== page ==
Segments in this Video

Overview of Human Evolution (01:53)


Human Beings: Newcomers on the Evolutionary Tree of Life (02:44)

Human beings are the newcomers in the evolutionary tree that stretches back 2.5 billion years. The human species appeared about 200,000 years ago, and about 60,000 years ago humans spread out from Africa.

Evolution in Action (03:56)

In highly toxic, arsenic-laced soil, earthworms evolved to live in the soil where ordinary earthworms would die rapidly. In 170 years, the worms evolved with a different genetic structure.

Human Species (01:51)

The human species emerged about 200,000 years ago. When humans left Africa 60,000 years ago, they spread out over the entire planet. Humans are products of natural selection.

Ancient Human Bones (03:57)

Bones from an adult male who lived 33,000 years ago are examined. Are they the same as human bones today? Nothing in the bones suggests that humans have changed over the millennia.

Evolution by Natural Selection (06:50)

In high altitudes where oxygen is much less plentiful, foreigners can die from altitude sickness. Sherpas are well adapted to low oxygen levels because of their unique circulation, or oxygen delivery system.

Human Genome and Evolution (05:53)

Technological developments have shed new light on human evolution. Unraveling the human genome opens a window to the past. One of the greatest drivers of human evolution has been disease.

Disease and Evolution (08:46)

Viruses and bacteria do not stay the same; they are constantly evolving. The future of humans is inextricably linked to what happens to viruses.

New Approach to Human Evolution (05:59)

An entirely new approach to studying human evolution is happening in Framingham, MA. Professor Stephen Stearns calculates how the population will evolve based on reproductive success and genetic components.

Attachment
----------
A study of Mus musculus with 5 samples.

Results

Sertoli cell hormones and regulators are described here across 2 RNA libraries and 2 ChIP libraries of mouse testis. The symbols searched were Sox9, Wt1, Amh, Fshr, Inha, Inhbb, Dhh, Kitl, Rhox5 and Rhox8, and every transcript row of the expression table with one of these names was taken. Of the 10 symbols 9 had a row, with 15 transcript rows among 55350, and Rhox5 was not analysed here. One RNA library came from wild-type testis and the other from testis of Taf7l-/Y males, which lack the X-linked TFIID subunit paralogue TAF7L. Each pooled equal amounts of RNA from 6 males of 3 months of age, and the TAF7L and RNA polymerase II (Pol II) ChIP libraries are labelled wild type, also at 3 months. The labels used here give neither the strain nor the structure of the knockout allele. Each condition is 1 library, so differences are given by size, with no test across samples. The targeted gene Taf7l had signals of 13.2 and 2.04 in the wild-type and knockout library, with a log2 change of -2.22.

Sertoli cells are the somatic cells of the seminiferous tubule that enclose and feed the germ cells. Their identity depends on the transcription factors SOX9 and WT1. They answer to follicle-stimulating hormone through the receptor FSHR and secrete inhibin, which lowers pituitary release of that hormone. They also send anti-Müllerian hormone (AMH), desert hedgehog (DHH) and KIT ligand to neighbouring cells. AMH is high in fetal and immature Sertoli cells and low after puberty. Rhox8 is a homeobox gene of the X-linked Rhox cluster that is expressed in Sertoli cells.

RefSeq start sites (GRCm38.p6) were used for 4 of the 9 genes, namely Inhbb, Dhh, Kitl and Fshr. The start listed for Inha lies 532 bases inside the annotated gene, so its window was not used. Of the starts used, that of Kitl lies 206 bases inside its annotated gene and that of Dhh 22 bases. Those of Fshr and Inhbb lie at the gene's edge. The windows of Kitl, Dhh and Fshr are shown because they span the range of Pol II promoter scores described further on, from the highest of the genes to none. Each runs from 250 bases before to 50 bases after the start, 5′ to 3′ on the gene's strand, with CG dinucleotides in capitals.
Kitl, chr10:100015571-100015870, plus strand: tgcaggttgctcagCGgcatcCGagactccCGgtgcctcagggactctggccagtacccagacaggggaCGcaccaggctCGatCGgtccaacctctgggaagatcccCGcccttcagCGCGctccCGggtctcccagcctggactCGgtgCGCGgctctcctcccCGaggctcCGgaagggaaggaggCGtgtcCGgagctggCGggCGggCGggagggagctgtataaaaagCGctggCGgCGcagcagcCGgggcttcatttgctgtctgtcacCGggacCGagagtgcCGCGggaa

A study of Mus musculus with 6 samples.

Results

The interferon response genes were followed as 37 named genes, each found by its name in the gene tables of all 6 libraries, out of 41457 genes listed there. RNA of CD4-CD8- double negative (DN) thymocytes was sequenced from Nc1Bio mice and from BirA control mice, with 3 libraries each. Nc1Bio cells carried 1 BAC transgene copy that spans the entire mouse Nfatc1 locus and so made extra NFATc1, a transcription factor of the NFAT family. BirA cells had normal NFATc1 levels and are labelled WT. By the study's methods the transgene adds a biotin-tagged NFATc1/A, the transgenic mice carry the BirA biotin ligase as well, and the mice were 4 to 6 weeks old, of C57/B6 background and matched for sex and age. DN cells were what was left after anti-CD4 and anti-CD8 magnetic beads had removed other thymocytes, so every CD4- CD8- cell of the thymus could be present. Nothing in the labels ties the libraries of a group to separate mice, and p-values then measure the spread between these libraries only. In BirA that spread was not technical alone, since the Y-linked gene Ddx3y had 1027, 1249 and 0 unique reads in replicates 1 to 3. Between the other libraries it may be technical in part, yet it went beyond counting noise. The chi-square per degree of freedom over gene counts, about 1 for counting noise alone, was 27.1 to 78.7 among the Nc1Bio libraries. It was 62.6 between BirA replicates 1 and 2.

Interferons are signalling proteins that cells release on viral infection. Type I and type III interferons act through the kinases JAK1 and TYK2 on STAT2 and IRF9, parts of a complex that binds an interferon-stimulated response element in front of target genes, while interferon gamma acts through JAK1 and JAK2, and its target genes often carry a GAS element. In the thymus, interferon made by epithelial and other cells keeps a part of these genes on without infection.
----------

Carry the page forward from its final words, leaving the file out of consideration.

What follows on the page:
Genetic Future/Genetic Evolution (06:27)

Technology can affect human evolution in ways that were unthinkable a few decades ago. Genetic engineering and manipulation of the human genome is a new chapter in the history of human evolution.

Extinction or Adaptation (02:32)

The world has never changed more quickly than it is now. It could mean that humans are evolving faster than ever. The world will always change, and when that happens, humans will evolve in a big way, or humans will die off.

Credits: "Are We Still Evolving?" (00:43)

Credits: "Are We Still Evolving?"



DVD (Chaptered) Price: $300.00
DVD + 3-Year Streaming Price: $450.00
3-Year Streaming Price: $300.00


Assume, for the sake of argument, that our species has created everything it needs—all the comfort and protection that technology can provide. Does that mean our biological evolution has come to an end? Not necessarily, says anatomist and anthropologist Alice Roberts. In fact, technology may be driving human evolution, and at breakneck speed. Dr. Roberts meets scientists who are detecting and analyzing recent changes in the human genome and visits other researchers who have been able to, in effect, alter the development of some plant and animal species. In addition, the program examines the highly significant role of disease in evolution and the possibility that humanity could evolve into two distinct species. A BBC Production. (50 minutes)

Length: 52 minutes

Item#: BVL43944

ISBN: 978-1-62102-008-0

Copyright date: ©2011

Closed Captioned

Reviews & Awards

“This very accessible film explores the factors that have shaped the modern human species and that will continue to shape it into the foreseeable future….should answer some questions and provoke some debate. Suitable for high school classes and for college courses in introductory physical anthropology, as well as general audiences.”  —Anthropology Review Database

Performance Rights

Prices include public performance rights.

Not available to Home Video and Publisher customers.